A classic story of love, conflict and prejudice in the middle of the Pacific Ocean came to life this week in the NKU Corbett Theatre.
Brought to campus by the NKU drama department under the direction of Mike King, a faculty member in the department of theatre and dance, South Pacific tells the love stories of Arkansas nurse Nellie and Lieutenant Joe Cable, both reluctant to pursue romance with the people of their dreams due to prejudice.
Set in a WWII encampment on a remote island, the strong leading characters play out their dramas bolstered by familiar musical numbers, supporting characters both large and small with huge personality and a thoroughly 40’s style costume wardrobe courtesy of Ronnie Chamberlain.
Written by Richard Rogers and Oscar Hammerstein II, South Pacific was originally based on the novel “Tales of the South Pacific” by James A. Michener. South Pacific was a controversial musical in its time for the way it tackled issues of racial prejudice and interracial relationships King explained.
“I’m thrilled, I think it went great,” said King. “The cast and designers did a great job and everything went well. I think audiences really responded to it.”
In selecting plays and musicals for each season of the NKU drama department, King and other faculty form a committee and winnow down the group’s suggestions until the season comes together.
One of the main factors in including “South Pacific” was the “opportunities for students” it presented, King said.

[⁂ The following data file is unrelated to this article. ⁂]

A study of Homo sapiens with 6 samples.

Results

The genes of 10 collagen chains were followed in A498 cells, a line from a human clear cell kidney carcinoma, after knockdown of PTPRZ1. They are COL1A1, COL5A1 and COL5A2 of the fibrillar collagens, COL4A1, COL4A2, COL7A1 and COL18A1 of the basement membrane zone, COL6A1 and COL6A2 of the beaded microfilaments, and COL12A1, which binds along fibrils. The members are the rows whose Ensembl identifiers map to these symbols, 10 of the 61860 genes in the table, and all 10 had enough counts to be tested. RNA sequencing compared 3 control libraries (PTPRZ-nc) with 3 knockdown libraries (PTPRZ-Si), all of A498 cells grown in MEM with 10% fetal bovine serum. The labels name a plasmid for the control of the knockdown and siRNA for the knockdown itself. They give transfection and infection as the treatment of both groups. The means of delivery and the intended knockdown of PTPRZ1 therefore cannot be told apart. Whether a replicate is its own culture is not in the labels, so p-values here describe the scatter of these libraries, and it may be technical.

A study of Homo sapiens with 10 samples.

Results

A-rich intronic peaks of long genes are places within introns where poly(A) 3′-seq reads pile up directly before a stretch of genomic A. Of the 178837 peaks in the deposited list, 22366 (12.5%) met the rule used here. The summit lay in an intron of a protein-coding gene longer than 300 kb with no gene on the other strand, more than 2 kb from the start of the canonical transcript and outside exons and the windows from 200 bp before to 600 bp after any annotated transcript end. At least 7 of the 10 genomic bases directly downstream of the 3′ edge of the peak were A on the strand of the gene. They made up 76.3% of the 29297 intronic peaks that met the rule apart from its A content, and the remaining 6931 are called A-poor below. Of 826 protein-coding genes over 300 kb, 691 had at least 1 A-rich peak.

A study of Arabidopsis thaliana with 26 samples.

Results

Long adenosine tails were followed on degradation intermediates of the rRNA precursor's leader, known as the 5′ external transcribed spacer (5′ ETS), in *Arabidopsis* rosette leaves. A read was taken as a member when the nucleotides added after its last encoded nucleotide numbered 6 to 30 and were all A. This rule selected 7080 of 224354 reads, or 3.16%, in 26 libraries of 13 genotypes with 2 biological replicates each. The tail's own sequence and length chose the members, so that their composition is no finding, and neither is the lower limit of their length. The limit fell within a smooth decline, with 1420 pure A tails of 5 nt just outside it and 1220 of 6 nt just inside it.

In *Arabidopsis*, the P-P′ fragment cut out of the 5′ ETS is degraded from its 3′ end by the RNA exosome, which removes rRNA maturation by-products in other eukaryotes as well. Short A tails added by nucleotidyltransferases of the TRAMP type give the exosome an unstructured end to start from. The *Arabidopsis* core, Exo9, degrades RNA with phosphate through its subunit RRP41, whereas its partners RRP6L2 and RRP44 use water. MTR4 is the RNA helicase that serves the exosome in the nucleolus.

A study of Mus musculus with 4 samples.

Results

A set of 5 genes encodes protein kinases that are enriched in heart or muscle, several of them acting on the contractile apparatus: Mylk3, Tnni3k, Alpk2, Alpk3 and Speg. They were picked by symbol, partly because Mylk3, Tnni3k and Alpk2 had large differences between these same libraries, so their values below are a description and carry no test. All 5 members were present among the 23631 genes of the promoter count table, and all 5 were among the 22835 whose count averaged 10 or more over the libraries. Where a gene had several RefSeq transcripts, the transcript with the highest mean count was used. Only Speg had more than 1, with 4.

“We also have a system that every few years we do certain types of shows. We do a Shakespeare show every other year and stuff like that,” said King. “This is a golden age musical, and the golden age for musicals was…from Rogers and Hammerstein’s “Oklahoma”, I think in 1943…up until the mid sixties or so. This is a great example of that.”
Having run from Oct. 24 to Nov. 3, even the Sunday matinee performance began with a full house of all ages ready to watch lead actors Allysun Mellick and Noah Berry, in the roles of Nellie Forbush and Lt. Joe Cable, play out the classic story.
Running just under three hours, the musical ran seamlessly under the direction of a production team that “saw all problems before they happened,” according to King.
The story is peppered with romantic and humorous musical numbers, such as “Some Enchanted Evening” and “There Is Nothing Like a Dame.” Moreover the musical appeals because of its strong message, King said.
“You could take the songs out and it’d still be a great play,” said King, “It’s very moving and has an important theme of dealing with racism and prejudice.”
The numerous elements involved in musicals can be difficult to balance, but King still loves to do them.
“I love musicals of all types,” King said. “Musicals are always a challenge because there are so many elements. There’s music, there’s dance, and then the acting, then the story that you’re trying to tell. All those things are part of it.”